Alaska is America's last frontier, home to our greatest wild lands and vast stores of untapped natural resources.
More than 60 percent of its land is federally owned, including millions of acres of national parks, wildlife refuges and forests.
The integrity of these lands is threatened. As part of the budget process, Congress is counting on more than $1 billion in speculative revenue from oil and gas leasing in the Arctic National Wildlife Refuge, now off-limits to exploration and drilling.
If approved, this would result in greatly increased pressure for Congress to authorize lease sales in the refuge.
Meanwhile, Congress is holding hearings to revisit the Tongass Timber Reform Act and increase the clear-cutting of protected old-growth forest in the Tongass National Forest as well as considering the privatization of Alaska's public lands.
Controversies over Alaska are hardly new. But over the years, Congress has forged bipartisan compromises with broad national support -- compromises embodied in a series of landmark laws.
One was the Alaskan Native Claims Settlement Act of 1971, which granted 15 percent of Alaska's lands with development rights to newly formed private native corporations and made way for construction of the Trans-Alaska oil pipeline.
A second law -- one of my proudest accomplishments as president -- was the Alaska Lands Act of 1980, which designated 104 million acres of new national parks, wildlife refuges and other public lands.
The Tongass Timber Reform Act of 1990 added an additional 1 million acres of wilderness in the rich coastal rain forest of southeast Alaska's Tongass National Forest.
All three laws not only protected America's heritage but also allowed for some development of natural resources and the commercial use of vast areas of the North Slope -- leaving available for development 95 percent of Alaska's most promising oil-bearing lands.
The challenge to these hard-won agreements results not from a change in the nation's vision for Alaska but from last November's elections.
For the first time, two people from the same state -- Alaska -- ended up running the two most important natural resources committees in the Congress, where federal land policy is made.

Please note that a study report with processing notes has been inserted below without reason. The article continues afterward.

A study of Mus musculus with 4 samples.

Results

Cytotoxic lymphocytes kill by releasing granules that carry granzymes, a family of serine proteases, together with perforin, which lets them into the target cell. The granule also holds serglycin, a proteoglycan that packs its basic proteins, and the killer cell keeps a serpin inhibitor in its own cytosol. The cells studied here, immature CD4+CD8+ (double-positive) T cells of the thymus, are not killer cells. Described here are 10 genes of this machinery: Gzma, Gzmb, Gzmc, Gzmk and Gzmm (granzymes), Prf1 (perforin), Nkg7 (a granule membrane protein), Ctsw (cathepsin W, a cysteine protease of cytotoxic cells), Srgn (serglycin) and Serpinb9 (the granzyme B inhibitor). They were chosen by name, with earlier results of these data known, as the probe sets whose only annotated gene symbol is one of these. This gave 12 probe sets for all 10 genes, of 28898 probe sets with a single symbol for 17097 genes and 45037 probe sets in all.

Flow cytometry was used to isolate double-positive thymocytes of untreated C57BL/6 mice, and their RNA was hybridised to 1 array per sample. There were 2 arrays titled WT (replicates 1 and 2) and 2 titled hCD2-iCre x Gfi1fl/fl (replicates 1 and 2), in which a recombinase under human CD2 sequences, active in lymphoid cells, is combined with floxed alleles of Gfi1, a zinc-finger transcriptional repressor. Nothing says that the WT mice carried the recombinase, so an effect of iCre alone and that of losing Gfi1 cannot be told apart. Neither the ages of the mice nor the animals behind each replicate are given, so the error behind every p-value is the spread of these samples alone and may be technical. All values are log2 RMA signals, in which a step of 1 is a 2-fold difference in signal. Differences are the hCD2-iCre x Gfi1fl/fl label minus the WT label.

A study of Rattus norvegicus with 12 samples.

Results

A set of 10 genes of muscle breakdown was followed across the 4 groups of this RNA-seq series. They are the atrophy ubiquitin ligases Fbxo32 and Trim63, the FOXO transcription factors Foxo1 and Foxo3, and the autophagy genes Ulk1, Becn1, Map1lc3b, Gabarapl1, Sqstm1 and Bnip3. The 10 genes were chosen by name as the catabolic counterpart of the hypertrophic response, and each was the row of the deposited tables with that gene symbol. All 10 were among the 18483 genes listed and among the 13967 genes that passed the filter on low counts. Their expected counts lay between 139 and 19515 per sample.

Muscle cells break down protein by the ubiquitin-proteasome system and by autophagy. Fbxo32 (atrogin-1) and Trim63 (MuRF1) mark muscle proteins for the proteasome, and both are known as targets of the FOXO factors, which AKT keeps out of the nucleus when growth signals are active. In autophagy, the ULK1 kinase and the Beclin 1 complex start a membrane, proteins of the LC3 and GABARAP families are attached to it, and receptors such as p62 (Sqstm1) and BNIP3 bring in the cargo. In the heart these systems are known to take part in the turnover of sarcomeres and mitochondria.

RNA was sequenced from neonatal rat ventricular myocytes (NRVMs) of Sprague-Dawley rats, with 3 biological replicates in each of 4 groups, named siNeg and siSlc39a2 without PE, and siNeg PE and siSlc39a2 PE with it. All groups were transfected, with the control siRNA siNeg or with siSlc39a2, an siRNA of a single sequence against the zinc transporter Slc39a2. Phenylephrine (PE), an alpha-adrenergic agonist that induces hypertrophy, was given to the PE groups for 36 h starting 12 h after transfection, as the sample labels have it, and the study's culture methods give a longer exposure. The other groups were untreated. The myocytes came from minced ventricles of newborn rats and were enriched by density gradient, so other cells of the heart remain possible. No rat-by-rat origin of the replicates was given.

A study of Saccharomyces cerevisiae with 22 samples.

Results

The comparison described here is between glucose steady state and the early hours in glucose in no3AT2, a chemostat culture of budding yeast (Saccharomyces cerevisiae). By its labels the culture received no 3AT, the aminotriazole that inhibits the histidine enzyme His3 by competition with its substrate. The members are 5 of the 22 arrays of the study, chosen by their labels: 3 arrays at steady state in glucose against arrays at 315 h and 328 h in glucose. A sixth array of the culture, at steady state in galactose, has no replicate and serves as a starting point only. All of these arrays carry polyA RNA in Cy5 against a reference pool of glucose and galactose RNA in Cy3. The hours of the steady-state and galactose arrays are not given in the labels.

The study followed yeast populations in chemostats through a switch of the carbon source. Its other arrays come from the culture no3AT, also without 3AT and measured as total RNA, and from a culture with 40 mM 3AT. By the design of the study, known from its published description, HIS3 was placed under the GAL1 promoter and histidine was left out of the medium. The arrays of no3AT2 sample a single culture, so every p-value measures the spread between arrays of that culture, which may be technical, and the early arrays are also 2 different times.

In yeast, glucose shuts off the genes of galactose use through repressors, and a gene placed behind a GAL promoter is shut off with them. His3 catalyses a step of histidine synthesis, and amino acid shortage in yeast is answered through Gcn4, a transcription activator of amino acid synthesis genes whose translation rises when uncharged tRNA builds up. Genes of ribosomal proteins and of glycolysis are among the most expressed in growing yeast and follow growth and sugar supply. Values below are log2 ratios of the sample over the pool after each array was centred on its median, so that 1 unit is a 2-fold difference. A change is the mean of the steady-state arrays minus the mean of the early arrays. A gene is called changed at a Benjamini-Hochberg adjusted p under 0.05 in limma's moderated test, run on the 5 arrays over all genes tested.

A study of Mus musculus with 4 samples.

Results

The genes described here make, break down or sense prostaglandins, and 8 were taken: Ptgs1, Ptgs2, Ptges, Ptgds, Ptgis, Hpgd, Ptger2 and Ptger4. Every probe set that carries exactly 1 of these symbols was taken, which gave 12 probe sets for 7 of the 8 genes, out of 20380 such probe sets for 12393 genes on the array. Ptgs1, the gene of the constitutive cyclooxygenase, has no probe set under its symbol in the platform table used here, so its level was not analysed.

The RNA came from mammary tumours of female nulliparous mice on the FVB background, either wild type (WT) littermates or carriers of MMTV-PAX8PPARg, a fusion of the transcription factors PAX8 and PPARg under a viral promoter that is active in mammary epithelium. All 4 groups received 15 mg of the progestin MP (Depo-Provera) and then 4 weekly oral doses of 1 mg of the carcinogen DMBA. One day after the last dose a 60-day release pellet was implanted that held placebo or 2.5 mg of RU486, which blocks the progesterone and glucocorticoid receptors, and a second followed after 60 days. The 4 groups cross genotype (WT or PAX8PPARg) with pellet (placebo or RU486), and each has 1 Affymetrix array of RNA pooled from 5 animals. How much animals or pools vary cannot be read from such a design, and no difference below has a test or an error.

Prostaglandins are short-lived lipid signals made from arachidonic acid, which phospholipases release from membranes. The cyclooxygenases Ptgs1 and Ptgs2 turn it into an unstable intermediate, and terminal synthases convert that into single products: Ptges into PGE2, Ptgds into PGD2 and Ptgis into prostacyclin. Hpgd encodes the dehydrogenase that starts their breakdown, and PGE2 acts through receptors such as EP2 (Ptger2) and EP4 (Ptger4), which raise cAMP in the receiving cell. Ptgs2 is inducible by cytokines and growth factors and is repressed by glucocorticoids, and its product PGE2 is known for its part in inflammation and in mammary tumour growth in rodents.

Sen. Frank Murkowski and Rep. Don Young have made clear their plans to open up the Alaskan wilderness to development.
The new Congress must be reawakened to the importance of protecting the interests of all Americans by protecting public lands in Alaska. For what is at stake is an unparalleled system of federal reserves protecting wildlife, fish and wilderness.
Polar bears, musk ox, wolves and a herd of 150,000 caribou roam the remote coastal plain of the Arctic National Wildlife Refuge in the far north -- a place often called "America's Serengeti."
My wife Rosalynn and I have been thrilled by this area during our visits.
Grizzly bears, bald eagles and countless salmon grace the magnificent Tongass National Forest in southeast Alaska. From the Arctic coast to the southern coastal rain forest, Alaska's protected lands guarantee all Americans the opportunity to experience the bounties of the frontier.
For Alaskans, the land supports commercial fishing, tourism and other industries dependent on a healthy environment.
This is a critical time for Alaska's wild lands, and the American people must reaffirm our commitment to their protection. November's election was not a mandate to damage Alaska's environmental treasures.
Poll after poll has shown that the American people remain firmly committed to the protection that makes the unspoiled reaches of our nation the envy of the world.
President Carter's columns are distributed biweekly by the New York Times Syndicate. For more information, please contact the Syndicate at (212) 499-3333.